WILLINGHAM, NOBLE HENRY, JR.
WILLINGHAM, NOBLE HENRY, JR. (1931–2004). Noble Henry Willingham Jr. was a much sought after character actor who appeared in film and television from 1970 until the year before his death in 2004. Usually cast as an insightful "good old boy," his characters often blended a disarming homespun demeanor with a strong dose of common sense. Many of his roles revealed the mixture of his East Texas roots and the colorful professional background that preceded his entry into show business.
Noble Willingham was born in Mineola, Texas, on August 31, 1931, the son of Noble Henry and Ladelle (Speights) Willingham. He graduated from North Texas State College (now the University of North Texas) in Denton, Texas, in 1953 and worked in the Texas oil fields. In 1954 he married Doris Jewel Humphrey and they had a daughter. Willingham later returned to academics and received a master's degree in educational psychology from Baylor University in Waco. In the late 1960s he was teaching government and economics at Sam Houston High School in Houston when a drama teacher urged him to try out for a role in Lamont Johnson's My Sweet Charlie, filming at Point Bolivar on the Texas coast. The television movie was released in 1970 starring Patty Duke, with Willingham in a small part. In like manner he caught the eye of Peter Bogdonavich and secured a role in The Last Picture Show (1971), also set in Texas, after which he continued to work on television and in films for the remainder of his life.
Willingham appeared in more than thirty feature films and had roles on many television series. After The Last Picture Show Bogdonavich promised him a part in Paper Moon (1973), from which he went on to establish his credentials as a journeyman character actor. He had memorable appearances in movies like Chinatown (1974), Good Morning, Vietnam (1987), and City Slickers (1991), and worked in television in the likes of "Bonanza," "Gunsmoke," "The Mary Tyler Moore Show," and "The Rockford Files." He even appeared on "Star Trek: The Next Generation," and was featured as a regular on "Home Improvement" and more recently as C. D. Parker on "Walker, Texas Ranger."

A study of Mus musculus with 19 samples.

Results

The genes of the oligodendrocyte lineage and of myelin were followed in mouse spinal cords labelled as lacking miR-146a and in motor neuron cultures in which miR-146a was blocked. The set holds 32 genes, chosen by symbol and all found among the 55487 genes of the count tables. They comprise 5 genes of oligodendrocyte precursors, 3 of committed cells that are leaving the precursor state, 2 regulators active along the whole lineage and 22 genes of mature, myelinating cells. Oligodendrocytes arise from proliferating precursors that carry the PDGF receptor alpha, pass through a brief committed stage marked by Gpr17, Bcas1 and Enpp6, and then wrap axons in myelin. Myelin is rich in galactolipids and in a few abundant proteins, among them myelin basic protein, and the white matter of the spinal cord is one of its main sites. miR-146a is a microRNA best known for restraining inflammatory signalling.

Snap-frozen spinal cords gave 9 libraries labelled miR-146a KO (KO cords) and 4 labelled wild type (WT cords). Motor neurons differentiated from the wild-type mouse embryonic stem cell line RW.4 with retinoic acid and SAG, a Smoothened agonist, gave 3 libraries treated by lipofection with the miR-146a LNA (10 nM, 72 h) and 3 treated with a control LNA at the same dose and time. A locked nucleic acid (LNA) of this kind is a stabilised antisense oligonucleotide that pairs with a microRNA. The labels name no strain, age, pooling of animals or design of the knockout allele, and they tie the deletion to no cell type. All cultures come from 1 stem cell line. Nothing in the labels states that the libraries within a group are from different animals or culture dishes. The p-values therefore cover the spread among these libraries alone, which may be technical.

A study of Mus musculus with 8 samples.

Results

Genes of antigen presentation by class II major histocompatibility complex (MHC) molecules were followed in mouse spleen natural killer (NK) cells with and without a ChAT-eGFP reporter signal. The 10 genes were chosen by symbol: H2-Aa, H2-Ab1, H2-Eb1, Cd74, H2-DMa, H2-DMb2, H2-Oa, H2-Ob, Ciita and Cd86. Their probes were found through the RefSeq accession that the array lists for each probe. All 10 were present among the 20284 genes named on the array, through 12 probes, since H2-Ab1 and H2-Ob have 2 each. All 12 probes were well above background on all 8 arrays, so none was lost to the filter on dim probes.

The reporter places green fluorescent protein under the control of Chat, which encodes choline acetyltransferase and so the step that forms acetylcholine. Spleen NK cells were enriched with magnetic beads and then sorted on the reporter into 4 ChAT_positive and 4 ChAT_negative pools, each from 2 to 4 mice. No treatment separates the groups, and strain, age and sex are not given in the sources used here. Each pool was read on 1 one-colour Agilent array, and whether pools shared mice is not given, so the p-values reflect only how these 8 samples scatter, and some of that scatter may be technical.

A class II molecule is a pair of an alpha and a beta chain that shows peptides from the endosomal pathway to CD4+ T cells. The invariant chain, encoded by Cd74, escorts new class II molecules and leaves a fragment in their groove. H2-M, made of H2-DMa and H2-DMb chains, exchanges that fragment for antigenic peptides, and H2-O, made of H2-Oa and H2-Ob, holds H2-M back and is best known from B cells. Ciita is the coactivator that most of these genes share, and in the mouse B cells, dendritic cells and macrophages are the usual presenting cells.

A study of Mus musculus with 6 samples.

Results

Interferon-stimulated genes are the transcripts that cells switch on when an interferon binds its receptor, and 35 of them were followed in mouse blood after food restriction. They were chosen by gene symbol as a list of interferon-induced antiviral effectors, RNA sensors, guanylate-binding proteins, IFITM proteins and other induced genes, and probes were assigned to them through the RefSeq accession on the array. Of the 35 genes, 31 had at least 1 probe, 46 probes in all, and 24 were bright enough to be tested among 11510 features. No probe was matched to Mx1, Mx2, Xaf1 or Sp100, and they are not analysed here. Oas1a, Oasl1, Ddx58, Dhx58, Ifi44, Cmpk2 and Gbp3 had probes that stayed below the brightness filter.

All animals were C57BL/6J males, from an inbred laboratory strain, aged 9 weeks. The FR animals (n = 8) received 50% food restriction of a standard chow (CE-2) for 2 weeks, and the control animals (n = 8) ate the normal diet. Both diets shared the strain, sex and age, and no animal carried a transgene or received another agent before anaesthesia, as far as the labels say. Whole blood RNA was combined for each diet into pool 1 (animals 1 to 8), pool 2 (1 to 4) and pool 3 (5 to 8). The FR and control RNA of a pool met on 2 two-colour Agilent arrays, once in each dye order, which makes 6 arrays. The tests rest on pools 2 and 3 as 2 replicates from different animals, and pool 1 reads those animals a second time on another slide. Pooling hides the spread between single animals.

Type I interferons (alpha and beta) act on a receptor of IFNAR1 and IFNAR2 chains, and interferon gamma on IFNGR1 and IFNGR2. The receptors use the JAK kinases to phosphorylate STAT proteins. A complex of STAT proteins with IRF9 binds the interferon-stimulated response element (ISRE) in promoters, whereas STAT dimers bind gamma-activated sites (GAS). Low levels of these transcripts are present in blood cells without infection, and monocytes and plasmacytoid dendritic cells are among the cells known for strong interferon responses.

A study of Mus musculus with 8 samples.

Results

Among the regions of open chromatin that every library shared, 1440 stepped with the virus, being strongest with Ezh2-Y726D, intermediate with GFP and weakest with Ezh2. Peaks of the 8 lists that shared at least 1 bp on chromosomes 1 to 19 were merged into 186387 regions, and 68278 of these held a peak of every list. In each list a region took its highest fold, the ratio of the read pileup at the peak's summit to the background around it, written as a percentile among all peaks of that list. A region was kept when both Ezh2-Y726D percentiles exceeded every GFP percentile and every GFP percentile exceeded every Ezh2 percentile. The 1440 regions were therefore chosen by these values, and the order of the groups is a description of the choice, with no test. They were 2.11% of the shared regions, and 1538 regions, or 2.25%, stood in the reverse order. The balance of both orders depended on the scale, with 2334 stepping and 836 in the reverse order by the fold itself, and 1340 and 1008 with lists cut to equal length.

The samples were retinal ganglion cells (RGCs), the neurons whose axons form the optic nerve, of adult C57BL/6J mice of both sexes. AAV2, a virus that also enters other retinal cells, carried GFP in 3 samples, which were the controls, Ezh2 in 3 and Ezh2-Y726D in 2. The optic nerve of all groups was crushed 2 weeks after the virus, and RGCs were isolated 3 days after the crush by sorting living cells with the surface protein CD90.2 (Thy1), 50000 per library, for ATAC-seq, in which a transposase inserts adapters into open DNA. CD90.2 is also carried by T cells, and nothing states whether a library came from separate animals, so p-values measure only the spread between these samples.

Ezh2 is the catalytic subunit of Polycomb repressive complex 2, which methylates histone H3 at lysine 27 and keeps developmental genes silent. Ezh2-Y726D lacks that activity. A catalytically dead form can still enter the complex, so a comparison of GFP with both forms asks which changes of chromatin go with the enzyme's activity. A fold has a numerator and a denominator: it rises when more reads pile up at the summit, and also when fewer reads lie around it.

Willingham considered himself a fiscal conservative and left that series in 2000 to have a run at politics. He decided to enter the race for the United States House of Representatives in Texas' First District as a Republican, running against the incumbent Democrat Max Sandlin of Marshall. Willingham was defeated, receiving 43 percent of the vote. Afterward he took some time off and returned for one more episode of "Walker, Texas Ranger." He later made a movie with Val Kilmer, Blind Horizon in 2003, which was his last role.
Although a conservative on monetary issues, Willingham considered the flamboyant liberal California Democrat Willie Brown one of his best friends. He was a champion of civil rights and formed the Noble Willingham Foundation, which directed most of his residuals to the African-American Jarvis Christian College in Hawkins, Texas. He was described by "Walker, Texas Ranger" regular Sheree J. Wilson as "a classic example of what growing up in the South means. He's friendly and welcoming and loves to talk to people." She told the Dallas Morning News in 2000, "What he teaches is the great art of being present, of being in the moment and responding. He's the classic example of living the part."
Noble Willingham died of natural causes in Palm Springs, California, on January 17, 2004. He was seventy-two. He was survived by his daughter Nicole Stori, a grandson, and his second wife Patti. He was buried in Riverside National Cemetery in Riverside, California.
Dallas Morning News, January 21, 2004. Internet Movie Database (www.imdb.com), accessed September 6, 2007.
The following, adapted from the Chicago Manual of Style, 15th edition, is the preferred citation for this article.Steven P. Salyer, "WILLINGHAM, NOBLE HENRY, JR.," Handbook of Texas Online (http://www.tshaonline.org/handbook/online/articles/fwiby), accessed November 28, 2015. Uploaded on June 15, 2010. Modified on March 27, 2012. Published by the Texas State Historical Association.